Being grateful is a skill that I have actively practiced for many years. Recently I went to a class about gratitude with Toni Powell and even though I already practice many of the skills, it was wonderful to have a refresher. Gratitude is a skill that comes naturally to me but I am also very conscious that when I forget to practice gratefulness life gets a little trickier. It was great to hear the scientific evidence that reiterates benefits of practicing gratitude. There are strong biological contributions to depression, anxiety and feelings of hopelessness according to a clinical psychologist Gemma Roux.
Being grateful for each day literally helps change your perception of the world, it is uplifting and helps discern between what is important and what is not. It is often the little things that we easily miss that are important.
On this day nineteen years ago I walked down the aisle in the Marist College Ashgrove chapel and married a man who made me laugh and made my heart beat faster every time I saw him. Anniversaries were very special for us both, so it is always emotional for me to be apart on this day.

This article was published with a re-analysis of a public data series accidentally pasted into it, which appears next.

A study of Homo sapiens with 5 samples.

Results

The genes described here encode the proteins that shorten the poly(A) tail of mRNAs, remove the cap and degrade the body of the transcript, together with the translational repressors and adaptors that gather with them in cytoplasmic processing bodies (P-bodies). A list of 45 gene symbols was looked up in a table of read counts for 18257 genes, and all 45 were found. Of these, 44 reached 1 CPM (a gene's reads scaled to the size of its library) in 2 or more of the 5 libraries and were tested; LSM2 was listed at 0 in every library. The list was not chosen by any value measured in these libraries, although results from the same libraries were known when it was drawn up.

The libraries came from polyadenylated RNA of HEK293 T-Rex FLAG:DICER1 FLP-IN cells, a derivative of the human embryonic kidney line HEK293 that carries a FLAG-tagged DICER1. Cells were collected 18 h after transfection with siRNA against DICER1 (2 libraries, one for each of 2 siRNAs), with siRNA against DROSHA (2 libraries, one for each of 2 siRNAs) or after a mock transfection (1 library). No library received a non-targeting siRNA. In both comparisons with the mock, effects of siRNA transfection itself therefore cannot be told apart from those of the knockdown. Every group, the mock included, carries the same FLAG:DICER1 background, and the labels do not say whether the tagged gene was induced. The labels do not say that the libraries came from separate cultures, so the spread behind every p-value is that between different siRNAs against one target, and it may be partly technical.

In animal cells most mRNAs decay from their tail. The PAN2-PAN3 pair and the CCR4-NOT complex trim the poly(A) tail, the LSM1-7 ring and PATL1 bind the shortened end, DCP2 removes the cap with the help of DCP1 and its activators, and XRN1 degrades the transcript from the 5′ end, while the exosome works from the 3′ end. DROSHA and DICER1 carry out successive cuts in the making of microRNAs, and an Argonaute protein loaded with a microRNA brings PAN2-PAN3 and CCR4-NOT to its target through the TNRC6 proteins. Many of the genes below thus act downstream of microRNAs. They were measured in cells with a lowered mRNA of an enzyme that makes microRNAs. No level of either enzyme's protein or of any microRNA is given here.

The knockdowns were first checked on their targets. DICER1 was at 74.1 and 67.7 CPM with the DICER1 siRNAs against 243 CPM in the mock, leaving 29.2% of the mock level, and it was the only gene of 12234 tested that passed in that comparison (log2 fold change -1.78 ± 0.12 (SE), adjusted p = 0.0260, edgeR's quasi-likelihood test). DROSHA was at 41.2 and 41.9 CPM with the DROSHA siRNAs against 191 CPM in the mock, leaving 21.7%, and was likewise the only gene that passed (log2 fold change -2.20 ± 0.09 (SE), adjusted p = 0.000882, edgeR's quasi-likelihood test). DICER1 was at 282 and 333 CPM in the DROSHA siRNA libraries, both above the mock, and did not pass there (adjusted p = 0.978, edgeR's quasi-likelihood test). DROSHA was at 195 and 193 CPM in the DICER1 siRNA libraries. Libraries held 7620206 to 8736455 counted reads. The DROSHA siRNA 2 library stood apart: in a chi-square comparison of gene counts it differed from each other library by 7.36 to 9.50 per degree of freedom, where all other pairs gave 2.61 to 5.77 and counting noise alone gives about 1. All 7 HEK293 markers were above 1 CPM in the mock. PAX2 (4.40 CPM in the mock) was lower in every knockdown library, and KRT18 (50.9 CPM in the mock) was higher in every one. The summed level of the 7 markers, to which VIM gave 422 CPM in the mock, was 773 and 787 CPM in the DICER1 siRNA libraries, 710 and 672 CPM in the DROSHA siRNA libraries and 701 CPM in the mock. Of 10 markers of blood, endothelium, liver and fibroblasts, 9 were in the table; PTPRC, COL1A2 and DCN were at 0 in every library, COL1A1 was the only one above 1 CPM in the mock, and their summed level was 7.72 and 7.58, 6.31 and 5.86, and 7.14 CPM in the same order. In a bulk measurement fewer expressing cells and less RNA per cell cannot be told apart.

Gratitude is not always an emotional response to happy times instead it is a decision about how we approach life – happy and sad times. So today as I remember my late husband I am grateful for his smile that made my heart melt, the loving way he held my hand in his, and the way his laugh filled every room. I am grateful for the cleansing tears that fell down my face today and for the heartfelt messages and stunning flowers from my husband’s family. I am grateful to continue to be loved as a sister-in-law and daughter-in-law.
I am grateful for the scrumptious dinner I will enjoy with my parents, sister, brother-in-law and children to celebrate tonight. As I hug my parents who arrived home from overseas today and whom I missed, I know that their love and compassion on this day and everyday is so strong and so supportive and for this I am forever grateful.